REPORT - DAY 9 - WHAT DAY IS IT?
24 April 2010 | Underway from Mexico to Marquesas
Day 9, Saturday April 24. If it weren't for the ships log I would not know how many days we had been at sea, nor the date. We have logs for everything, finding memory unreliable. Every time the engine is used a log entry tells for how many hours it was run, fuel used, purpose. Fuel usage is logged, like a bank account for each of the tanks, with fuel in, fuel out, and fuel remaining. Engine maintenance, batteries, watermaker usage and maintenance, rust and general maintenance are logged too. Every entry dated.
For year and a half I used to keep a journal, in which EVERYTHING was recorded, but it took so long to find when I last changed the gearbox oil, for instance, that I dropped that in favour of categorized logs. All logs in a 200 "paginas" school exercise book, bought in Panama.
The waves are like adolescents. Friday afternoon schoolboys. We are jostled, sometimes violently, rolling rail to rail, throwing anything not securely stowed below across the cabin, onto the floor. They don't mean it. I sit with small limes nudging my bare feet, like kittens below the table. They were in a bowl ON the table. They will be tidied up eventually, but for now the limes just add to the surrealism of it all. Adrienne made a cup of coffee, ship lurched, coffee now a cleanup job. I set my beer down to get something - gone.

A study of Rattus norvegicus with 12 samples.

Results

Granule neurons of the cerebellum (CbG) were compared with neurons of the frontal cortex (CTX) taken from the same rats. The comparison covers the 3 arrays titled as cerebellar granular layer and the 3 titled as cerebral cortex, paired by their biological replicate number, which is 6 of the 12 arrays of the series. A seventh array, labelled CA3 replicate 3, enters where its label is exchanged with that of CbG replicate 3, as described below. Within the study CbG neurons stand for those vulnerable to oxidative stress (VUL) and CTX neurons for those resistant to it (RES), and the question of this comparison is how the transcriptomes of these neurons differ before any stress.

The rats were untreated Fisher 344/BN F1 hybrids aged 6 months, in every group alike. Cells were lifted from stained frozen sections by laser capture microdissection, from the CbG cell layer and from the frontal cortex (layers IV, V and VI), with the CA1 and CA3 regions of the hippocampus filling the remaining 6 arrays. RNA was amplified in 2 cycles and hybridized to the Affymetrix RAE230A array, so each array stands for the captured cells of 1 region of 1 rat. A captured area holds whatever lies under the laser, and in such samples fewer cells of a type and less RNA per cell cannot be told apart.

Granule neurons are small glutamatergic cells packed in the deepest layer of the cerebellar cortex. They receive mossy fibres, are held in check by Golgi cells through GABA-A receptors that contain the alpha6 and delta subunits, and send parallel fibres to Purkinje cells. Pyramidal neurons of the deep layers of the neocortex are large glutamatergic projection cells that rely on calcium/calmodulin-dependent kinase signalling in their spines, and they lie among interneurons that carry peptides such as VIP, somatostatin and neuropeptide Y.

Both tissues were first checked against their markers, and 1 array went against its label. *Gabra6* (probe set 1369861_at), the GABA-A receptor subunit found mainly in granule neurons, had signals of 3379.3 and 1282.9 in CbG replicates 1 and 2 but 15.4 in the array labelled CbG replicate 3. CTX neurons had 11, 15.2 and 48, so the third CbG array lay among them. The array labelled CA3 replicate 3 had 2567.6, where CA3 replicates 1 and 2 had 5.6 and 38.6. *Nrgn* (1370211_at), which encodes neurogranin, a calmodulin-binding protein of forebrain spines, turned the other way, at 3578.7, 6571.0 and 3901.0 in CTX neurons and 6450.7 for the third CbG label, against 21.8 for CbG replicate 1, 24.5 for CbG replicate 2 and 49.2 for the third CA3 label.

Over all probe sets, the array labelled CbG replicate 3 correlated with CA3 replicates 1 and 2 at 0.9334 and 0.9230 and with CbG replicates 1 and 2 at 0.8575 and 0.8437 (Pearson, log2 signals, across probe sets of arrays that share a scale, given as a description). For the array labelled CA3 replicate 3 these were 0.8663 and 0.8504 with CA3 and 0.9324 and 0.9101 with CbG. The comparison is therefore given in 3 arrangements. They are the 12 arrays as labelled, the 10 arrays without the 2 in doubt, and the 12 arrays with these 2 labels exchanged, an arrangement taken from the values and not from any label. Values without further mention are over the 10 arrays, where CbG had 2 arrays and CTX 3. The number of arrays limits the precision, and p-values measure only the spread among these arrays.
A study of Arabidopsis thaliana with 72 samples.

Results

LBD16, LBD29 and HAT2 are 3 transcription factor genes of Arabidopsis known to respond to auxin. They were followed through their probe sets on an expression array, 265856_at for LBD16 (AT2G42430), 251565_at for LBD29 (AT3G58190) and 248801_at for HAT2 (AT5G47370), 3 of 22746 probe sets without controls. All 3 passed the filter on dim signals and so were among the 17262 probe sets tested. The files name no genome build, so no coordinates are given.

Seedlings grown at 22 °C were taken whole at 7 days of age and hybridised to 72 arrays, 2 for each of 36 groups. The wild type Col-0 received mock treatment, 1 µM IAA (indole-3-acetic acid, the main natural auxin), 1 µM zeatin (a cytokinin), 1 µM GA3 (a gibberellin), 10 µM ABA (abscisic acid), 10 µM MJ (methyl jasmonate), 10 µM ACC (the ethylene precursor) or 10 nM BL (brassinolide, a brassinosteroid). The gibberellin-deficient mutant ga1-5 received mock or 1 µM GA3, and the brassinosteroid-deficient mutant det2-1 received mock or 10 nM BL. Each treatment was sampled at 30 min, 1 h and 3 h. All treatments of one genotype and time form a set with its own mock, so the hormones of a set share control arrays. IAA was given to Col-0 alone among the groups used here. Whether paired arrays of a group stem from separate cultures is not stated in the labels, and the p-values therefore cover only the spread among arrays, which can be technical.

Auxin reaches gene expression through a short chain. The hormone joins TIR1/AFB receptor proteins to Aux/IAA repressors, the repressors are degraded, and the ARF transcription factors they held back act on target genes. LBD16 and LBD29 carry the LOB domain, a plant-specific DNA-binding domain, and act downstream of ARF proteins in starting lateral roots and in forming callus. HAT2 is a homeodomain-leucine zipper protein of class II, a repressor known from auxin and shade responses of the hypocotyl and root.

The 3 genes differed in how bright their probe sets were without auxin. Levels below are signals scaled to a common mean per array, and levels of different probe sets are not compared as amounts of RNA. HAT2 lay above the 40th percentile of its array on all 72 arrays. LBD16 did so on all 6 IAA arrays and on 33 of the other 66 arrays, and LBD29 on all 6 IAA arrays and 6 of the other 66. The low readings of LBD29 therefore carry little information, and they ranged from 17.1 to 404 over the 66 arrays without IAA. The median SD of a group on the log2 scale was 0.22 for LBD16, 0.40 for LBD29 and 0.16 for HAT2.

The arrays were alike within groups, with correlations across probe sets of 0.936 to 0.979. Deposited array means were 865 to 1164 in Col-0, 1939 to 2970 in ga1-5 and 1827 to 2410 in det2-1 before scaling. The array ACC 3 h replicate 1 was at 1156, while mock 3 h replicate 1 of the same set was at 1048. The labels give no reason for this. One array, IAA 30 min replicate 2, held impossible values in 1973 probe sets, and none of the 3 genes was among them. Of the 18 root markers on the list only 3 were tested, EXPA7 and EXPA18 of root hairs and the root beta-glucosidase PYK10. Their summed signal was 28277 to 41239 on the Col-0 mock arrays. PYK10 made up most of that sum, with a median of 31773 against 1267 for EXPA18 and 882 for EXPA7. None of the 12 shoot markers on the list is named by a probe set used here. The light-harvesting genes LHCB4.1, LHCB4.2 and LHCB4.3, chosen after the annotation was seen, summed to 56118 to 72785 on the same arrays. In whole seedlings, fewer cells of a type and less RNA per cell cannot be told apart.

Spoke with Gary on Sea Flyer before the Amigo net. One more lower shroud broken, total 3 out of 4, and one more chain plate. Ham (licensed amateur radio operator) on the PacSea net admitted he had been "too pragmatic" with Sea Flyer the night before, denying him access because he did not have a ham call sign. Gary said to me in an email: "I knew those guys on the Pac Sea net where not sailors. If they think 3 out of 4 lower shrouds broken and a chain plate pulled out when 1200 miles from shore is not an emergency." I reported his position and gave an update on his condition to the PacSea net.